The newest doughnut game in town decorates brioche spheres with fancy chocolates, gold leaf, colorful tropical fruits, Venezuelan rums, and other Latin flavors.
Donisima, a fledgling doughnut shop with two locations in the Colombian metropolis of Medellín, makes its stateside debut this week out of an Ivy City ghost kitchen (1369 New York Avenue NE). Daily pickup and delivery hours are 9 a.m. to 5 p.m. (or until sellout). D.C.-based chef Miguel Guerra started Donisima during the pandemic with his dad, who lives in Colombia and runs day-to-day operations there.
Guerra relies on Latin American ingredients and sophisticated pastry techniques to make five types of doughnuts daily ($4-$5). A family recipe that calls for fermenting brioche dough for 24 hours produces a light, airy center. Guava and cheese — a popular flavor combination in Colombia and Venezuela — help build one cream-filled, frosted variety.
Colombia’s popular arequipe dessert (dulce de leche) inspires another elaborate doughnut, dusted with a queso fresco crumble.
“You’re not going to find those flavors at Krispy Kreme or any other place,” he says.
Guerra honed his confectionery craft under Miami desserts king Antonio Bachour, who just snagged a 2022 James Beard Award semifinalist nomination for outstanding pastry chef. He also spent six years at modernist Colombian tasting room Elcielo in Miami and currently works with its Michelin-rated sibling in D.C.’s Latin food hall La Cosecha.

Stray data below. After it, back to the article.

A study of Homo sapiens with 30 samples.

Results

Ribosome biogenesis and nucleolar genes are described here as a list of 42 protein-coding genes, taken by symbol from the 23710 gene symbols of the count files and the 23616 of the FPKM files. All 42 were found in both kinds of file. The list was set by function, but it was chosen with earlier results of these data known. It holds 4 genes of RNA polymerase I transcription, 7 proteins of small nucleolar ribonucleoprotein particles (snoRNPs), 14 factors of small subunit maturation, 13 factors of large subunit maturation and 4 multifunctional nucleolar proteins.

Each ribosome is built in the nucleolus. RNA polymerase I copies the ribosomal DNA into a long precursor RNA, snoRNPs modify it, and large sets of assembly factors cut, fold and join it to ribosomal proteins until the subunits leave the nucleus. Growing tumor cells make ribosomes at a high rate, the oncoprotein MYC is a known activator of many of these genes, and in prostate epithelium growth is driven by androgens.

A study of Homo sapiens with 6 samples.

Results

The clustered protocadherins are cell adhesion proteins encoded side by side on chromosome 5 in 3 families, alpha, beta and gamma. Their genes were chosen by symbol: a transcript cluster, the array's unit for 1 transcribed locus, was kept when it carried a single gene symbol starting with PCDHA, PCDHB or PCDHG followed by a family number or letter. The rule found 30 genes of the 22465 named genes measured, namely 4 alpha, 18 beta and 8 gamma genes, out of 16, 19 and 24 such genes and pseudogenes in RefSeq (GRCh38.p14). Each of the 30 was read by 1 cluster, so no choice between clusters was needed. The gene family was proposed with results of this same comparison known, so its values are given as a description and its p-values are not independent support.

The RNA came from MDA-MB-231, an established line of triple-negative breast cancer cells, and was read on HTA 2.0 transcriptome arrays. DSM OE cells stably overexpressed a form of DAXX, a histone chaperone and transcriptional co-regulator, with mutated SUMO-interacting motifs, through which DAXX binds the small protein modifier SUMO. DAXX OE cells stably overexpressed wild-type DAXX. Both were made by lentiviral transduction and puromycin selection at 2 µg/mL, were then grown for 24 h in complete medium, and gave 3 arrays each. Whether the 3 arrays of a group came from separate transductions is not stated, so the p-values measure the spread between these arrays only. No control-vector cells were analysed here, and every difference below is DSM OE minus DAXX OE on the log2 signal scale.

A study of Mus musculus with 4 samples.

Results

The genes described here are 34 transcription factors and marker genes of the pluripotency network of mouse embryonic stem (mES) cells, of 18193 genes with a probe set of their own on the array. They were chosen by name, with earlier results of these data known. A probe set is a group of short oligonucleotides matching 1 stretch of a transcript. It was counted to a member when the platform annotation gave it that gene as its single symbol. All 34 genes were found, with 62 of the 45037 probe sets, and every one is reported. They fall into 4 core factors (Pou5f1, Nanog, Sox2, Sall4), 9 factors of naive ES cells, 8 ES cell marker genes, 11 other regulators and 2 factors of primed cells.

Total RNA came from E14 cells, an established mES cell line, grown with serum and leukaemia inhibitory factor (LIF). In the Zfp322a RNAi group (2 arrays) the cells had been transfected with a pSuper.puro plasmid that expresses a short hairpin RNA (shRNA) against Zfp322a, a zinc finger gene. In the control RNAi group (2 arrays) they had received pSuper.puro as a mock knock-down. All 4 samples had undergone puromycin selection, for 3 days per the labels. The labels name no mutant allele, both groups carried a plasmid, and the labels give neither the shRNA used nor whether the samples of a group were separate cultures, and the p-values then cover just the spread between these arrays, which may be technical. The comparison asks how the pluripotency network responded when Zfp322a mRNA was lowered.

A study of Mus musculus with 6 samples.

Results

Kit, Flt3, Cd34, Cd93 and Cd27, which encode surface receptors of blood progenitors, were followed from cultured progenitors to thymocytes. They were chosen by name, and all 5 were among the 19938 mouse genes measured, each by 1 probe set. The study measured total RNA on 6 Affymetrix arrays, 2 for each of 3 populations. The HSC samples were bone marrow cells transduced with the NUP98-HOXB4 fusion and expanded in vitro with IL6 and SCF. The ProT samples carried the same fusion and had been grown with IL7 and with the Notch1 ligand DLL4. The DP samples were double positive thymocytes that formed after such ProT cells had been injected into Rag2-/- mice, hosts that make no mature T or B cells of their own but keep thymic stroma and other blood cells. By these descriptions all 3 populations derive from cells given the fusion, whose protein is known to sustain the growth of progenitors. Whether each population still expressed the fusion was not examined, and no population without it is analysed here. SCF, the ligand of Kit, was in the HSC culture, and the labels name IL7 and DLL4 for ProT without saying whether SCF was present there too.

“I’m in love with desserts. I stop eating everything else to eat a cake,” he tells Eater.
Growing up in Venezuela, Dunkin’ Donuts was a delicacy of sorts, and Guerra remembers begging his mom for the sugary souvenir every time she traveled to the U.S. for work.
“She’d carry like two dozen boxes of Boston cream doughnuts in her carry-on back to Venezuela,” he says. “It’s one of my biggest inspirations.”
Now the chef applies his fine-dining background, which included a stint at Wynwood’s revered Alter, to recreate his childhood favorite to be “as beautiful and delicious as possible.”
Venezuelan rum, orange confit, and raw brown sugar help build a glistening doughnut that takes notes from an Old Fashioned. “You can taste the rum,” he says.
A vanilla bean-glazed doughnut is the simplest of the bunch, which reappears in an order of six mini doughnuts. Donisima will expand with ornate cakes, crullers, and cherry blossom flavors for the spring.
He plans to showcase his Donisima doughnuts in a future brick-and-mortar Latin cafe in D.C. For now, orders can be placed for pickup or delivery through UberEats, Tock and Doordash.
“I’m not competing with anyone,” he says. “I want to make a classic product and make it differently.”
Guerra also offers elegant, vegan tasting menus at Mita, his pandemic-born Latin pop-up that plans to return to La Cosecha on a monthly basis.